Can fireplaces start a house fire?
Yes, fireplaces are capable of starting a house fire! Many people don't realize the possible dangers fireplaces pose. These dangers can be caused by such things as lack of maintenance or incorrect installation. According to a 2008 study by the National Fire Protection Agency, 24,300 fireplace fires in the US caused $246,000,000 in damage. Of those, only 23% were caused by creosote buildup in the chimneys which means most of the fires in the 2008 study started from other causes.
Fireplace types vary and include wood burning fireplaces, gas burning fireplaces, and pellet stoves. Most fireplaces installed today have metal inserts that attach to a metal chimney. The metal remains behind the nice brick or stone facade and the outside chimney chase. Older fireplaces have a clay liner.
Chimneys vary by the type of fireplace. Gas fireplaces use different venting than wood burning units. Wood fireplaces burn much hotter than gas units, reaching 2,000 degrees. This level of heat can ignite other combustible material located near the fireplace.
How do fireplaces fail?
Creosote is a black, tar-like material that collects in the chimney flue. This buildup is highly combustible and can be ignited, causing a chimney fire. This condition can be prevented by having your chimney professionally and regularly cleaned.
Clay flue liners are susceptible to cracks. When cracks occur, hot gases can escape into the fireplace chase or into the home, sometimes causing carbon monoxide to enter, as well. These gases also may cause nearby framing members to ignite. Gas entry and ignition can be prevented by having your fireplace inspected and cleaned by a certified inspector. The Consumer Product Safety Commission website provides excellent education on chimney failures.
In addition to cleaning the unit, proper fireplace maintenance is also mandatory. Hot gases must be able to travel up and out. Gaps in a system allow hot gases to get into the chase or the home which can cause carbon monoxide entry or fire. If a fireplace insert is available, the metal box is meant to fit up against the brick or stone fascia and hearth. The connection point should also contain refractory cement which prevents heat from getting into the space between the insert and the chase. The same cement material is used for wood burning fireplaces with gas igniters. Over time, this cement can crack and may even fall out. Cracking and gapping issues would be discovered in regular inspections.
Many substantial fires (and fires to brand new homes) are caused because of incorrect installation, incorrect clearances, improper venting, incorrect rough in of the surround chase, and insulation. The National Fire Protection Association, the manufacturer of the fireplace, and the venting manufacturer all have certain guidelines for proper installation and all of them must be followed. For instance, improper installation can occur if the chimney chase is left open in the attic and the insulators blow in cellulose insulation. The insulation then travels down and the chimney chase traps the heat around the fireplace insert. The trapped heat near the insert causes the wood and other combustible material to start a fire.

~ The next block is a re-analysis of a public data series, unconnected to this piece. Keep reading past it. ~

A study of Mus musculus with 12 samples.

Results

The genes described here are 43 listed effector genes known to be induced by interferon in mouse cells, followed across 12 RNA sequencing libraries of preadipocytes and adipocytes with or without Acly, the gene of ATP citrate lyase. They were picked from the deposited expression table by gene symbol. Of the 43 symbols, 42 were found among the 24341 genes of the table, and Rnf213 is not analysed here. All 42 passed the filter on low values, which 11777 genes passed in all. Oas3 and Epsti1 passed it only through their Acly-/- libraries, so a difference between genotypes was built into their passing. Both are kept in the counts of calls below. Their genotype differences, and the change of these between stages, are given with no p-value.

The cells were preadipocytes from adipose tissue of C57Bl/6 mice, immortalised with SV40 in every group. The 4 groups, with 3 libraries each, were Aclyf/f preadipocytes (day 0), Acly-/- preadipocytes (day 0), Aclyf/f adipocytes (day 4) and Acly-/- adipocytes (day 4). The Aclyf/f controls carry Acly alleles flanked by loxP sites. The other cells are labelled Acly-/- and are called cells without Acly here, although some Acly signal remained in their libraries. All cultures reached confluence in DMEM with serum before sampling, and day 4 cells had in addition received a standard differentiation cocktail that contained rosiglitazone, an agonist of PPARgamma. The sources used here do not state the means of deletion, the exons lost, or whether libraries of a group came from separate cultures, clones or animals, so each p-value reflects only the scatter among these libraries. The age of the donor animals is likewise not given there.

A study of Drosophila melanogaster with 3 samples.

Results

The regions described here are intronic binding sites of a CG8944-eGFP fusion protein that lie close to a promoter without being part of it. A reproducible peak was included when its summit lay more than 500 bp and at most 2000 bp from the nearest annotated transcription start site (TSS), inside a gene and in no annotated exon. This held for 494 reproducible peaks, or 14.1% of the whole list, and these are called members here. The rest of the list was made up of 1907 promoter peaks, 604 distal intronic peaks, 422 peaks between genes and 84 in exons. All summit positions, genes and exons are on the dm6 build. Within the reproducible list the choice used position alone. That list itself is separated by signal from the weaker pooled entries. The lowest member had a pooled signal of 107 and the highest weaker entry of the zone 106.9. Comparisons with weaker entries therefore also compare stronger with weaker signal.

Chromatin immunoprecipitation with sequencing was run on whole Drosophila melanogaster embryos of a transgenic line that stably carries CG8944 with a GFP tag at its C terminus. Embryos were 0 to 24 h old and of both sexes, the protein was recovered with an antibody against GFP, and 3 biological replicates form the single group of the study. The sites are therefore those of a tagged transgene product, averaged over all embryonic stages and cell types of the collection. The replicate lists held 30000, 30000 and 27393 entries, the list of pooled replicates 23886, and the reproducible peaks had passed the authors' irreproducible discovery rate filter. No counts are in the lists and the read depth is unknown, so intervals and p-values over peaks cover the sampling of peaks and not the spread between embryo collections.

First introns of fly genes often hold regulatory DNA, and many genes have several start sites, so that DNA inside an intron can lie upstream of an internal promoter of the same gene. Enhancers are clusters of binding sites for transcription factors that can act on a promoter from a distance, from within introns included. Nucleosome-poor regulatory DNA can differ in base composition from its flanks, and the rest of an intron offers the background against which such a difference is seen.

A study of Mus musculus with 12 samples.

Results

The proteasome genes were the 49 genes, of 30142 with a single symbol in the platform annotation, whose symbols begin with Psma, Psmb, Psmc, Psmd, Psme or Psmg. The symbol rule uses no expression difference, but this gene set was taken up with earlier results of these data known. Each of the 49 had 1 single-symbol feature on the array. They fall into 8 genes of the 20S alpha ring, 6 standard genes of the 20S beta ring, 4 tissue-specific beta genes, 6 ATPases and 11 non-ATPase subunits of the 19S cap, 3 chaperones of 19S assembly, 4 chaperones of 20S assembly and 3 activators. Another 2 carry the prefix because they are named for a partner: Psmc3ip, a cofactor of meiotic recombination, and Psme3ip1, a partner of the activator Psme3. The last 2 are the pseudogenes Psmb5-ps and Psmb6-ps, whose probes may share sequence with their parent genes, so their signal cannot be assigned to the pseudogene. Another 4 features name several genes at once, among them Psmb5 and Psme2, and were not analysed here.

Negative Pressure and Carbon Monoxide
Many people aren't aware of the dangers caused by negative pressure and carbon monoxide. Unfortunately, they can be life threatening.
Many homeowners seem to want to keep their homes as airtight as possible; they believe doing so will reduce their heating bills. But oxygen is needed by more than just the people living in the home. Cooking devices, fireplaces, water heaters, and furnaces, just to name a few, also need oxygen. When a home is airtight, all of these devices fight for oxygen. Adding to this issue are bathroom fans that remove 60 square feet of air per minute from the home. Many homes have more than one bathroom fan, and the strongest fans take out the air, pulling air even from the weaker fans and other devices. If a stronger bathroom fan begins to pull oxygen from the fireplace, carbon monoxide can also be pulled into the living area. If the fireplace is pulling the oxygen, carbon monoxide can be pulled from the water heater. This "pulling" is negative pressure and it's dangerous because carbon monoxide is odorless, colorless, and deadly.
Negative pressure can be fixed by installing an air exchanger to equalize the pressure. Contact a qualified heating contractor to review pressure issues in your home and to give you more information about preventing a potentially-deadly situation.
So have your fireplace checked each year and be sure to have it cleaned each year if you burn sappy wood. We want you to stay safe this winter by keeping fires where they should be: In the fireplace!